With a multi-billion-dollar loss of money and a growing divide that just seems to keep growing larger, the recent government shutdown caused more problems that it helped to solve.
Lasting 35 days, the longest shutdown in the history of the government, we saw millions of federal workers not getting paid as airports shut down, government paperwork stopped being processed, and money just continued to funnel down the drain.
“It’s affecting people,” said Castleton University student Caitlin Laird, “hardworking people who are just trying to get by on paychecks.”
Laird is studying to go into law, and she expressed a sentiment echoed by many of those interviewed about their feelings on the shutdown. Why are regular American’s suffering the consequences of a political power feud?
“I feel like it’s just his (President Trump’s) need to put his own agenda forward,” said Charles Madsen, a music professor at Castleton.
“It was a power play by the president,” said SGA advisor Matt Patry.
President Trump, love him or hate him, has been a consistent lightning rod for media attention and criticism. Unsurprisingly, that means he’s receiving the brunt of the blame everywhere, including at Castleton.
While not everybody is opposed to the government shutdown, most interviewed for this article in some way blamed our POTUS. The fact that his proposed wall to separate Mexico was the reason behind his shutting everything down didn’t help his case.
“It’s hurting a lot of people that don’t need to be hurt, and in my opinion the wall is not
helpful,” said Music Department Chair Sherrill Blodget.
The most unfortunate part in the entire fiasco is that it’s affecting everybody in one way or another, including at Castleton. Reilly Knipes, a junior nursing student, was supposed to be doing her clinicals at the Veteran’s Affairs offices, but has been held up recently due to the shutdown.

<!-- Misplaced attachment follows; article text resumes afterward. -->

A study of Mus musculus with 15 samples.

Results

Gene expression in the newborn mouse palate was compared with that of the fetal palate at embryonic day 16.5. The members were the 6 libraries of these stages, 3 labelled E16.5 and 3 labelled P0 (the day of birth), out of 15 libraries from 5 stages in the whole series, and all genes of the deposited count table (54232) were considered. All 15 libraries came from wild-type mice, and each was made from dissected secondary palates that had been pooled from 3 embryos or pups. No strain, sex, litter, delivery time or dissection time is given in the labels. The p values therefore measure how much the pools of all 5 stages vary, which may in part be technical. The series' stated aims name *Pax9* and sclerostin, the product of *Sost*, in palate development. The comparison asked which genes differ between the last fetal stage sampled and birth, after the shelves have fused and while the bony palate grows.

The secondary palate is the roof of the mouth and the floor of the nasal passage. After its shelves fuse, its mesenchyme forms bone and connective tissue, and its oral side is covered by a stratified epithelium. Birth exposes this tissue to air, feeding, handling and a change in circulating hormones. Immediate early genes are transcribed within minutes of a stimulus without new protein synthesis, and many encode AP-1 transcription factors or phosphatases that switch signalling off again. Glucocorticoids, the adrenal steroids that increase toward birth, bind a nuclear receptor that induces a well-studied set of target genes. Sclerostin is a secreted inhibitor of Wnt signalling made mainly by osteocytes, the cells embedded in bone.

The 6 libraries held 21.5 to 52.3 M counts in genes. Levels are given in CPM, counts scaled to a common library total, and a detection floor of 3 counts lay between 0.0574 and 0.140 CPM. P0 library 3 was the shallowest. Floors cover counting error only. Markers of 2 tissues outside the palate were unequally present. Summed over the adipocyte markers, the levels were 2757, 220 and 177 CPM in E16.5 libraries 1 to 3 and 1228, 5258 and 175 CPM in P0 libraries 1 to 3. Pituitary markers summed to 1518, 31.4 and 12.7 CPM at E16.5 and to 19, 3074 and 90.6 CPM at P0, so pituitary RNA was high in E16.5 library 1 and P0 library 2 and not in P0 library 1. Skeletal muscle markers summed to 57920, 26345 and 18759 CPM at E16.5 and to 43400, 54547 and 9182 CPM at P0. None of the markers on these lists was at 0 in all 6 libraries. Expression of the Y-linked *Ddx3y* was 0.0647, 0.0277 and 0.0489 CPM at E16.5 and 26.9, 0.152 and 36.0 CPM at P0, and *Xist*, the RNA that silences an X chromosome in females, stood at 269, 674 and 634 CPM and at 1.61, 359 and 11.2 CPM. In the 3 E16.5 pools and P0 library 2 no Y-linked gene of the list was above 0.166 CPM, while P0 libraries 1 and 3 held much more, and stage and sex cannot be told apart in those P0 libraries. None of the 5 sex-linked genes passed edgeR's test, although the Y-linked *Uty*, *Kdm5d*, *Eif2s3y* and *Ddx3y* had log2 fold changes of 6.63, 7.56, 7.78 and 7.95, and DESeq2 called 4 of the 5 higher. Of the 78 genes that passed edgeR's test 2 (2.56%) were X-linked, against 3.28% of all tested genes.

“We’re supposed to get signed on to computers to work with the VA, work at the VA, but with the shutdown happening it’s delaying everything. So, I currently can’t go to clinical,” said Knipes.
Caton Dueso, another junior, needs to get a tax refund but can’t because she’s missing a form that she needs the government to be functioning to receive.
“That’s putting me off further from getting my tax refund,” said Dueso, “which my tax refund is the biggest refund I have seen in my life while filing taxes, and I really need that money, because I have a bill to pay for college.”
Luckily for Dueso, who’s papers are due to come by Feb. 9 at the earliest, the government has officially reopened — for three weeks to try to make a deal.
However, optimism isn’t high.
“I truly believe that it’s impossible in three weeks’ time, I don’t think it’s enough time,” said Patry. “For years it used to be you didn’t have to love each other, but you agreed to disagree and find a middle ground, you find something where nobody’s thrilled with it, that’s what government is, you find a middle ground.”